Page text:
Edinburgh council are looking for feedback on their plans for the budget and service provision over the next few years. There’s an online survey, with highly leading questions and no space to offer comments, and over the next few weeks they’re organising a series of meetings to gauge opinions.

You’ll have the chance to find out more about the budget pressures facing the Council and join in a discussion on some key budget issues. At all the meetings, senior councillors will be attending, alongside senior Council officers. It’s your chance to find out more and have your say. The dates of the meetings are:

South West – 15 September, St Bride’s Community Centre, 10 Orwell Terrace
West – 22 September Davidson’s Mains Parish Church, 1 Quality Street
South – 23 September, Southside Community Centre, 117 Nicolson Street
East – 29 September, Royal High Primary School, 61 Northfield Broadway
North – 5 October, Drylaw Church, Groathill Road North
City Centre and Leith – 6 October, Drummond Community High School, 41 Bellevue Place

If you’d like to attend your local meeting, please get in touch to reserve your place. Please note that space is limited and if you’ve not reserved a place in advance, we cannot guarantee that you’ll be able to join in the meeting. To reserve your place please e-mail councilbudget@edinburgh.gov.uk or telephone 0131 529 4425.All the local meetings begin at 6.30pm and will finish no later than 9pm.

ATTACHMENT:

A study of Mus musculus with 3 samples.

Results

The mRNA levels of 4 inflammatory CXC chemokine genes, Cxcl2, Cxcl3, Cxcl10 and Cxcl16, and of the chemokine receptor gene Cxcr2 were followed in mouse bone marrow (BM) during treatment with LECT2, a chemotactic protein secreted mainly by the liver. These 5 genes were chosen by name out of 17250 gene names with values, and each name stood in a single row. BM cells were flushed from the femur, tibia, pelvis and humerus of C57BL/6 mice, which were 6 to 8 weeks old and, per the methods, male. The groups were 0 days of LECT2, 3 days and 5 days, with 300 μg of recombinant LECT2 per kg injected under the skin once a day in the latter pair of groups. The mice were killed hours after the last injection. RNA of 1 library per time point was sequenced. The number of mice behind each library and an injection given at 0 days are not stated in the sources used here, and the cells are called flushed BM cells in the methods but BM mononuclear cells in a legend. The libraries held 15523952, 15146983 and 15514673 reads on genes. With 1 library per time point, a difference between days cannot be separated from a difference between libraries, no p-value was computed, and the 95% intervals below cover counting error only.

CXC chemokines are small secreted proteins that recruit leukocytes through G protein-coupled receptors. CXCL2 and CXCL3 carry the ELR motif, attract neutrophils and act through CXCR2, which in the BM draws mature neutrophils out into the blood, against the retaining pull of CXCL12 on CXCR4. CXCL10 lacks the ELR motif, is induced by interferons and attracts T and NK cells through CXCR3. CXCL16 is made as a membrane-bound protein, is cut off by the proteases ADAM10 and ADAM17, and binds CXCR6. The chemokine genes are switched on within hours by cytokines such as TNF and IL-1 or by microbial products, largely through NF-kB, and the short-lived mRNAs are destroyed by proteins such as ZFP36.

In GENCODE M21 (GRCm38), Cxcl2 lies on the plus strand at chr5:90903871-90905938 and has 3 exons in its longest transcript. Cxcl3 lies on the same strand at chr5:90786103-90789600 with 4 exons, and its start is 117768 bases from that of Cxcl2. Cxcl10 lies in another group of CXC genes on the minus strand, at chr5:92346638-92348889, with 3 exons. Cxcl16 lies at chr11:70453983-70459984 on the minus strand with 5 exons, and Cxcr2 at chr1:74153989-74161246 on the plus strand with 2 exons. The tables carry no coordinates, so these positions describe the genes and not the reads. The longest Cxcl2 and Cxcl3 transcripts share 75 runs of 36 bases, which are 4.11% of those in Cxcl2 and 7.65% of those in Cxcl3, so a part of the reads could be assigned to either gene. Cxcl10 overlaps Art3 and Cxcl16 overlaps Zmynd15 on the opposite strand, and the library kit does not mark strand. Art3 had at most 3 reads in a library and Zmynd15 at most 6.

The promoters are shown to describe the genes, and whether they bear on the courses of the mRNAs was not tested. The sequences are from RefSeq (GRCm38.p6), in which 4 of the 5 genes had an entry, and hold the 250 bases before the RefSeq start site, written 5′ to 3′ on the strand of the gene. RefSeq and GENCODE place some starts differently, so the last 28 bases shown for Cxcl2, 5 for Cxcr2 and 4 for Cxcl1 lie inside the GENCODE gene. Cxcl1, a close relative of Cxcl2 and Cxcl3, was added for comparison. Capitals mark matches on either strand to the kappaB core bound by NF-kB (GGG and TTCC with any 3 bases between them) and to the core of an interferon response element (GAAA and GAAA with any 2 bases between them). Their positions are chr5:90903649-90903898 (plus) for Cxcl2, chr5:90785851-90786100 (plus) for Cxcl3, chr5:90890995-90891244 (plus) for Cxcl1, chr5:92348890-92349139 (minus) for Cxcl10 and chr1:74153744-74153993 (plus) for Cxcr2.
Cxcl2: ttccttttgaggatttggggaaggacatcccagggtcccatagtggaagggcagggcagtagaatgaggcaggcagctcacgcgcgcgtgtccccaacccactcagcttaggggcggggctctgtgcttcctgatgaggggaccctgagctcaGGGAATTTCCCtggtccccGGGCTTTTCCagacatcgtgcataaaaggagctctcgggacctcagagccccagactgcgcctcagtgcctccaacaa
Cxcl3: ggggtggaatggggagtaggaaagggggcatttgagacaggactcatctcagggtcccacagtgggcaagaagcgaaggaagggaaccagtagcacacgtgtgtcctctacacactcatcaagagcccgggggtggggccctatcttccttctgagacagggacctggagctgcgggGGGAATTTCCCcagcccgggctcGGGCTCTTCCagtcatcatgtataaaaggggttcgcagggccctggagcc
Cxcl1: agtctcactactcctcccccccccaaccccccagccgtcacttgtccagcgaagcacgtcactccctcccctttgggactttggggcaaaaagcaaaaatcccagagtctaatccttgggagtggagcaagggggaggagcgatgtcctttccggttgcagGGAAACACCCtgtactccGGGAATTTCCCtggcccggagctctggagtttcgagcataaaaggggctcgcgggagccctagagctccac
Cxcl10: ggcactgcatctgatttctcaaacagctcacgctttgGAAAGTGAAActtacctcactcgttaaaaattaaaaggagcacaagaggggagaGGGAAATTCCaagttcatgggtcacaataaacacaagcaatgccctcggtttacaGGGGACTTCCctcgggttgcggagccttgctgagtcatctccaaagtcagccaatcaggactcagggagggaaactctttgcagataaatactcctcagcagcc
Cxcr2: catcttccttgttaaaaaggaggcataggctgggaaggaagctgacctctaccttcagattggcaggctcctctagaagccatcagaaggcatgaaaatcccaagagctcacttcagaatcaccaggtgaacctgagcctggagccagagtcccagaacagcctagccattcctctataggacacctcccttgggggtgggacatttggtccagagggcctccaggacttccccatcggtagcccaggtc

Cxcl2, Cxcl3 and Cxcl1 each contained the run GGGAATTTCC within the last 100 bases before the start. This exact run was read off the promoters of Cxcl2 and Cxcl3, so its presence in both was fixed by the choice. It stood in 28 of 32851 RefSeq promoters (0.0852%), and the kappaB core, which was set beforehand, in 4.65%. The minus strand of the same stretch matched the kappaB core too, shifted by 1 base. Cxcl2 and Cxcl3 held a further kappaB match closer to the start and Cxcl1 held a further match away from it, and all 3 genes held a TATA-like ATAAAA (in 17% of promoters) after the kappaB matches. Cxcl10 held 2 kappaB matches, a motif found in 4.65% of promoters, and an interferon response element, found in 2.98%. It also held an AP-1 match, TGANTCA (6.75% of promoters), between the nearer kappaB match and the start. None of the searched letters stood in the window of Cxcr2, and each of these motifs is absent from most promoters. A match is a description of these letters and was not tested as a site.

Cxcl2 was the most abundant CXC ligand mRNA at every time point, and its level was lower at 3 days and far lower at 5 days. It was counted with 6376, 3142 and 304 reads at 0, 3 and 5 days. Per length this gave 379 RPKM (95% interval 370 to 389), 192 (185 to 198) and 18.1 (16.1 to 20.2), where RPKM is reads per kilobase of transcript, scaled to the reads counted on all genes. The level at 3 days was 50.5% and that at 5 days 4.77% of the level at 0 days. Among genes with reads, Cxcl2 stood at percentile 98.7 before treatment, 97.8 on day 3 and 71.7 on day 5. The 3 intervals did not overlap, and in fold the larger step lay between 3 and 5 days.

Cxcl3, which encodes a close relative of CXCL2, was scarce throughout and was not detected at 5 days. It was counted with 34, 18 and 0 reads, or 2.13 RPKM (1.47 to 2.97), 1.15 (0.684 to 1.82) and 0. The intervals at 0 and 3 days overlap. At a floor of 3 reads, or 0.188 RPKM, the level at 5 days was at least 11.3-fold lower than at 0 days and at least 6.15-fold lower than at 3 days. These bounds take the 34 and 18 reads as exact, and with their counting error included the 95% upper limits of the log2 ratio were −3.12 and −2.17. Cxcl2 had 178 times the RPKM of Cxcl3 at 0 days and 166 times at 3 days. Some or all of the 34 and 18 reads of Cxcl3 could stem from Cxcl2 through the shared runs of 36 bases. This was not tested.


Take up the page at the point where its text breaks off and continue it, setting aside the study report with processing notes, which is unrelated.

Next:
There is likely to be pressure on the council to reduce services, to end universal provision of some services and to reduce hours on others and to introduce more user charging. It’s imperative that there are people at these meetings, speaking to their councillors to make clear that we don’t want services cut, opposing any attempts at privatisation and forcing the council to look at where they can genuinely improve provision without draconian cuts.

Peter’s already pointed out this week how tendering wastes hundreds of thousands of pounds that could be going into community projects and saving the council money. Perhaps we should also look to the example of the Norwich Greens, whose plans, unfortunately, won’t be put into action, and examine the possibilities for the council to run more services in house, to start their own energy services company and to decentralise more power to communities.

Whatever your views on how best the council can cope, though, I hope many of you will be able to take the time to attend one of these meetings and make your voices heard.

About Alasdair Thompson

Alasdair co-founded Bright Green Scotland in 2009.